The Masque Of The Red Death @ BAC, London

Battersea Arts Centre

Battersea Arts Centre (Photo: Morley Von Sternberg/BAC)

For many people, one of the theatrical highlights of last year was Punchdrunk’s production of Faust in a Wapping warehouse. Nearly everyone I spoke to who’d seen it, urged me to go. “You have to see this show,” they entreated.

So when the announcement was made that Punchdrunk’s next project would be The Masque Of The Red Death, a staging of the stories of Edgar Allan Poe in Battersea Arts Centre, anticipation was ridiculously high, it seemed like the perfect marriage of company, location and subject matter.

And the results are indeed spectacular. Every spare corner of the BAC, a sprawling former Town Hall, has been put to use, every corridor and every stairwell inventively decorated. As you enter you are handed a white mask and told not to speak by a wide-eyed woman dressed in red and black. Large groups are encouraged to separate and explore on their own.

It’s a rather disconcerting experience, roaming the curtained corridors in the dim light, but also rather exhilarating. Wandering around the building, I encountered a perfumery, an opium den, an infirmary, a music hall, a dressing room festooned with corsets and pearls, and a crypt. The BAC’s grand central stairwell has become a haunting forest-like space. The attention to detail is superb and all the senses are pulled into play, with lighting and music and even odour, playing a part in the immersive experience.

Sometimes these spaces are empty, other times you come across scenes being played out: a macabre wedding, a woman clutching a heart in her hands, a fight between desperate lovers. Don’t expect too much narrative coherence, there is no real order and every experience is different. Indeed, while several people I know who have also seen the show, spoke of being beckoned into rooms by performers and of having personal magical experiences, I didn’t encounter this and a couple of times I found myself arriving in rooms just as a scene appeared to be finishing, which was rather frustrating. But then on another occasion I found myself and just two others having a story read to us in a bottle- lined room, which was admittedly rather special.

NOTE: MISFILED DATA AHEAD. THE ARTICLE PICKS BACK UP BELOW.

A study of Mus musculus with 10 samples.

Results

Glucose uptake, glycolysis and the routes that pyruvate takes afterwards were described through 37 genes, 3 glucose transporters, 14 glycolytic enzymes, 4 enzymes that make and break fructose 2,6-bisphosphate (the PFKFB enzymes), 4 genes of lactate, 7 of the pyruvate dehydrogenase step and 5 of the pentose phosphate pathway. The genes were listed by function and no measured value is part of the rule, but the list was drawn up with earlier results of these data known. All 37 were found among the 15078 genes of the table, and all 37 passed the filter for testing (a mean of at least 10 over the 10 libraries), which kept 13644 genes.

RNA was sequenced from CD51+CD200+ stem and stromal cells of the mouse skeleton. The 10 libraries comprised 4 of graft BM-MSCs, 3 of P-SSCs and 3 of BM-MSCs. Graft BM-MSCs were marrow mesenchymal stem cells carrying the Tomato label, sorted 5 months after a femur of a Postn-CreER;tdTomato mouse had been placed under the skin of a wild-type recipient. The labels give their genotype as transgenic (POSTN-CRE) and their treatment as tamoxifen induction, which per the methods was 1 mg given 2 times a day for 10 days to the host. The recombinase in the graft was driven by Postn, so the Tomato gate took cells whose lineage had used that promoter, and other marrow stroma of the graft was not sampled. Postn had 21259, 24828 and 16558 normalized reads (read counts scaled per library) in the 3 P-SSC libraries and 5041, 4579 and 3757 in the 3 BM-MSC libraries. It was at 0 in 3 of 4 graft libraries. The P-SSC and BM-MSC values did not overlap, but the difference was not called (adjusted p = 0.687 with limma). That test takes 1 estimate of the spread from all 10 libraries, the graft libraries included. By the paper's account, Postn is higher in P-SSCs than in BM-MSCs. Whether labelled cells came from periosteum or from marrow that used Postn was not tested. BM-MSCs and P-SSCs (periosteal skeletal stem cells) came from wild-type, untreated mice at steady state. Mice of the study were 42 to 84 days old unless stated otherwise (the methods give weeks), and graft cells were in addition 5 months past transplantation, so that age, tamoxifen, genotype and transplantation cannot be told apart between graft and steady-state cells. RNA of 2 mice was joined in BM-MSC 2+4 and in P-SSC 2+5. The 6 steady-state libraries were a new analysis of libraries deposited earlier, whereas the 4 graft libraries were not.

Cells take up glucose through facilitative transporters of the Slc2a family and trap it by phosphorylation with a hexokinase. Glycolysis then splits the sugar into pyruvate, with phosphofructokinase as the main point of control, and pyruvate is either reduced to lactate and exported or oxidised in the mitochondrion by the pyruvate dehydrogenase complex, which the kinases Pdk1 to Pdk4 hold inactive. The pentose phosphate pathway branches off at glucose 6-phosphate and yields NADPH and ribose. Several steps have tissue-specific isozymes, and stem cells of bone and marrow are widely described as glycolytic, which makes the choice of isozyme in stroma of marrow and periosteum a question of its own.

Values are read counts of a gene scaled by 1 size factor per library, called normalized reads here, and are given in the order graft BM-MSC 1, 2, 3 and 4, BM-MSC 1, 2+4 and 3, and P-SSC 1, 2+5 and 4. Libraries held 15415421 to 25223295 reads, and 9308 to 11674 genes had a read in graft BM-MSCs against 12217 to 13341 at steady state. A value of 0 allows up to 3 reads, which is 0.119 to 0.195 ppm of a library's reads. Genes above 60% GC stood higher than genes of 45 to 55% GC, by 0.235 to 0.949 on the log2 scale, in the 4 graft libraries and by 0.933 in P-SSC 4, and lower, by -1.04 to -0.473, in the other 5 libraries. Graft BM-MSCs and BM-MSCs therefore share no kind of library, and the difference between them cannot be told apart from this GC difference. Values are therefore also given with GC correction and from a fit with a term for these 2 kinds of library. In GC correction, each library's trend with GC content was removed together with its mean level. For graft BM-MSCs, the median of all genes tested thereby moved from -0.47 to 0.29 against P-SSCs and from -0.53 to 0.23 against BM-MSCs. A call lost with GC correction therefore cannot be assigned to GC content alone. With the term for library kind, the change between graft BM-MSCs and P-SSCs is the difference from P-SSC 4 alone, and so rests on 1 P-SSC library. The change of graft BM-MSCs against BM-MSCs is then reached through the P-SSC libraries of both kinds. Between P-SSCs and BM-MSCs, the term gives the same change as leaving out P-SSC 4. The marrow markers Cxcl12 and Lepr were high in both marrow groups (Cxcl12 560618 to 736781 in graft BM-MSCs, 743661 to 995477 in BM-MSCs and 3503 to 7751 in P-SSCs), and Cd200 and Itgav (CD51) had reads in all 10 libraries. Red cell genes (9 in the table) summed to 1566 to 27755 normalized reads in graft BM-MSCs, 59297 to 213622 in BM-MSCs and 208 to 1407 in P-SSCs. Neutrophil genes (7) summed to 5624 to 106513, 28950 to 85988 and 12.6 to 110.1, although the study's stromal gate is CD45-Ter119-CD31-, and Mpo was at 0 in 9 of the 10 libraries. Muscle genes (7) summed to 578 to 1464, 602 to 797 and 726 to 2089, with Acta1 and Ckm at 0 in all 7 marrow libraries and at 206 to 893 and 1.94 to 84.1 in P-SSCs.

A confession. I didn’t quite make it to the end of the evening, when I gather there is a finale of sorts where the narrative strands come together. I had been feeling a bit under the weather all day beforehand and after over two hours on my feet the sense of disorientation and the heady fug of incense left me feeling a little unsteady and in need of some air, so I was forced to bow out. While I’m rather disappointed with myself for not sticking it out and I do wonder if the narrative tug of the thing had been just that teeny bit stronger, whether I would have sucked it up and persevered I think I spent enough time in there to get a good sense of the show. Certainly I did my best to explore every nook and cranny, but I don’t think I came close to fully encountering all there was to see.

It’s probably stating the obvious but to get the most out of this, you really need to be in the right mood, the right frame of mind, far more so than with a more conventional evening of theatre; you need to be an active participant, to explore and to embrace what the company is trying to do. It’s more demanding than most theatre but, if you’re open, also far more rewarding.

That’s not to say it doesn’t have its flaws. At times it can feel superficial and gimmicky, and rather too in love with its own perceived novelty it’s not as ground-breaking as it thinks it is – it also engages more on a sensory than intellectual level. But, for all that, I certainly intend to return if I can (it’s currently sold out but there is talk of releasing more tickets), to tackle what I expect will be an evolving, expanding production with a steadier head and a hardier heart I doubt I’ll be disappointed.